Saturday, August 11, 2001

EAT bites into original scripts

By Jan Biles, Arts and Entertainment Editor

English Alternative Theatre is embarking on a new season that will include plays and staged readings that are funny, provocative and maybe even a little bit quirky.

The season opens at 8 p.m. Sept. 3 with an event thathas become known as "the Labor Day Special," according to Paul Stephen Lim, founder of English Alternative Theatre and Kansas University English professor. The event will feature English department faculty and those in the acting community delivering staged readings of two new plays about academia.

"We have a lot of hams who love to do a little acting," Lim said of his English department colleagues.

"The Problem" by A.R. Gurney is a comedy about a professor and his wife whose marriage has gone stale and the games they play to keep their marriage alive. "Spinning Into Butter" by Rebecca Gilman is a drama that deals with how academia addresses the issue of political correctness.

Lim said the play created controversy when it opened last year at the Lincoln Center in New York City.

"It's about a dean who is trying to deal with Hispanic and African-American students, and despite her best intentions things blow up because some of the minority students don't care for affirmative action or political correctness," he said.

In mid-October, EAT will stage its entries in the original script competition of the Kennedy Center/American College Theatre Festival: "Running with the Big Dogs" by KU undergraduate Nathan Gonzales and "Mourning Glory" by Kirby Fields, a graduate student in English. Both are one-act plays.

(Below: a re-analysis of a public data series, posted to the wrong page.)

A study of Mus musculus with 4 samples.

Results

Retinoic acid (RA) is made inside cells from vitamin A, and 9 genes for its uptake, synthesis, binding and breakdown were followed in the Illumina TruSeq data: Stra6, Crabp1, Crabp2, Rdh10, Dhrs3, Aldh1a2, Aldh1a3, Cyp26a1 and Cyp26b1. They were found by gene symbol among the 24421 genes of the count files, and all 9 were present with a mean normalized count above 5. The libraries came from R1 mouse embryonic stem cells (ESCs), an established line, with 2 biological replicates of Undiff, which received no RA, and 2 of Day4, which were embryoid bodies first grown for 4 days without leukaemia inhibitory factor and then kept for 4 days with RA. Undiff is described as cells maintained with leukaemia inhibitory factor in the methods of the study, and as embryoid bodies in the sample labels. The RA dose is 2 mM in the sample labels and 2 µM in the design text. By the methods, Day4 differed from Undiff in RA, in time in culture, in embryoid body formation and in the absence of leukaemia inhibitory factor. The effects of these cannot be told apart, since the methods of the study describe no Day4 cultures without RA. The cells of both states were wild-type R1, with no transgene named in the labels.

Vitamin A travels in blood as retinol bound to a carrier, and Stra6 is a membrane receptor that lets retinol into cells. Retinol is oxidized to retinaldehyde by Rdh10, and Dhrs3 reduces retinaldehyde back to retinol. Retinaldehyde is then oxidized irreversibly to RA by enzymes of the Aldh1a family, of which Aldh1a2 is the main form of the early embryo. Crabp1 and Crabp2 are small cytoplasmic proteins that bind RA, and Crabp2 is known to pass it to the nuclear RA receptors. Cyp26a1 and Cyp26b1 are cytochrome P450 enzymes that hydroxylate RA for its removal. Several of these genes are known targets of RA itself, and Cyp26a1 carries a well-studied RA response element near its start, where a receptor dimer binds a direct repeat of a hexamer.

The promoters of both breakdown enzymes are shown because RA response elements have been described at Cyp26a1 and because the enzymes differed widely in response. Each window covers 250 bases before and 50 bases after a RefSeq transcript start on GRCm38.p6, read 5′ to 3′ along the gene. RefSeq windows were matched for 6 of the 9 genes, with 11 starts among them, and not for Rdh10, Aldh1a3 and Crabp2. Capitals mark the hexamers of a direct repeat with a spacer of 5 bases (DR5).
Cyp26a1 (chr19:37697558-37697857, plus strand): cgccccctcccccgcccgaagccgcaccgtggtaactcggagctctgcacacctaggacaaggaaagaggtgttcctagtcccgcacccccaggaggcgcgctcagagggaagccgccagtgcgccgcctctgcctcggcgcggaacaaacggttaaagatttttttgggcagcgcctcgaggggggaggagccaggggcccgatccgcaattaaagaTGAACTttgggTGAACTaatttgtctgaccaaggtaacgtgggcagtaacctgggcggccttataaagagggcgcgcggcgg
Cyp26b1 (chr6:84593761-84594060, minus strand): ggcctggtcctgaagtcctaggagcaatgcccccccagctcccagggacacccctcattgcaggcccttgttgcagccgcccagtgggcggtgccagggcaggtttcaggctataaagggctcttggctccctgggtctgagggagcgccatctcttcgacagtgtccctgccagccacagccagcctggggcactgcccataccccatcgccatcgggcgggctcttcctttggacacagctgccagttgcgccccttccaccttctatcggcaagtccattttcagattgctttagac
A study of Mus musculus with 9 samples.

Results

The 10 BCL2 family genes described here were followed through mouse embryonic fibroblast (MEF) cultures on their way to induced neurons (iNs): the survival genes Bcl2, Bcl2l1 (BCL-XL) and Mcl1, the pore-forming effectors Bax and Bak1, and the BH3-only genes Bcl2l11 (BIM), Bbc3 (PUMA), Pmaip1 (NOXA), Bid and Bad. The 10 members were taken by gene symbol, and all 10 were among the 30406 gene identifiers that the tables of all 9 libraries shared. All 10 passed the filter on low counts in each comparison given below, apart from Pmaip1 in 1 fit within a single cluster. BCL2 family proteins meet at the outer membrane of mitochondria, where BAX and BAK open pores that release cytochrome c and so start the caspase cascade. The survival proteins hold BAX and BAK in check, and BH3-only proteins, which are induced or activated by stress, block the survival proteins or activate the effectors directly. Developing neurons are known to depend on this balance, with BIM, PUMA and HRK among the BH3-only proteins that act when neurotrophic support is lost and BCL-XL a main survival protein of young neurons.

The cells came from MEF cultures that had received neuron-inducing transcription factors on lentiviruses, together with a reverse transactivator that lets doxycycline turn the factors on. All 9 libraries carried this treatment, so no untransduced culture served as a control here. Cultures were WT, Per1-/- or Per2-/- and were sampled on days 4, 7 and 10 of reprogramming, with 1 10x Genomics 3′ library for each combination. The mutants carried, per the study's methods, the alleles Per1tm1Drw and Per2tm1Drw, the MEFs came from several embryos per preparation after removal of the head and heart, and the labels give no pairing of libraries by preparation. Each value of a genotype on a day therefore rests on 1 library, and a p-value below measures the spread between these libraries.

"Running with the Big Dogs" is described as a "bizarre comedy" about some college students whose neighbor complains about the noise they are making. The neighbor comes to visit the students and "all hell breaks loose," Lim said.

"Mourning Glory" is about a man who visits funeral parlors to give comfort to the friends and family members of the deceased.

"The play examines grieving in contemporary society," he said.

The annual "Final Four" competition of one-act plays written by KU students will be at 8 p.m. March 8-10. The plays will come from the students in Lim's playwriting class this fall.

Audiences will vote for the best plays on March 8-9, and then those two selections will vie for the title on March 10.

Lim will get to have some fun on April 1 when his "Fools Dot Com" is staged. The play is about the fools that appear in William Shakespeare's scripts, who seem silly but give wise advice.

"I'll put four or five fools in contemporary situations, where they will have to help lighten up a situation. I'm doing research for it now and will start writing it in the fall," Lim said. "So I will be going through the same process as my students. We'll be struggling alongside each other."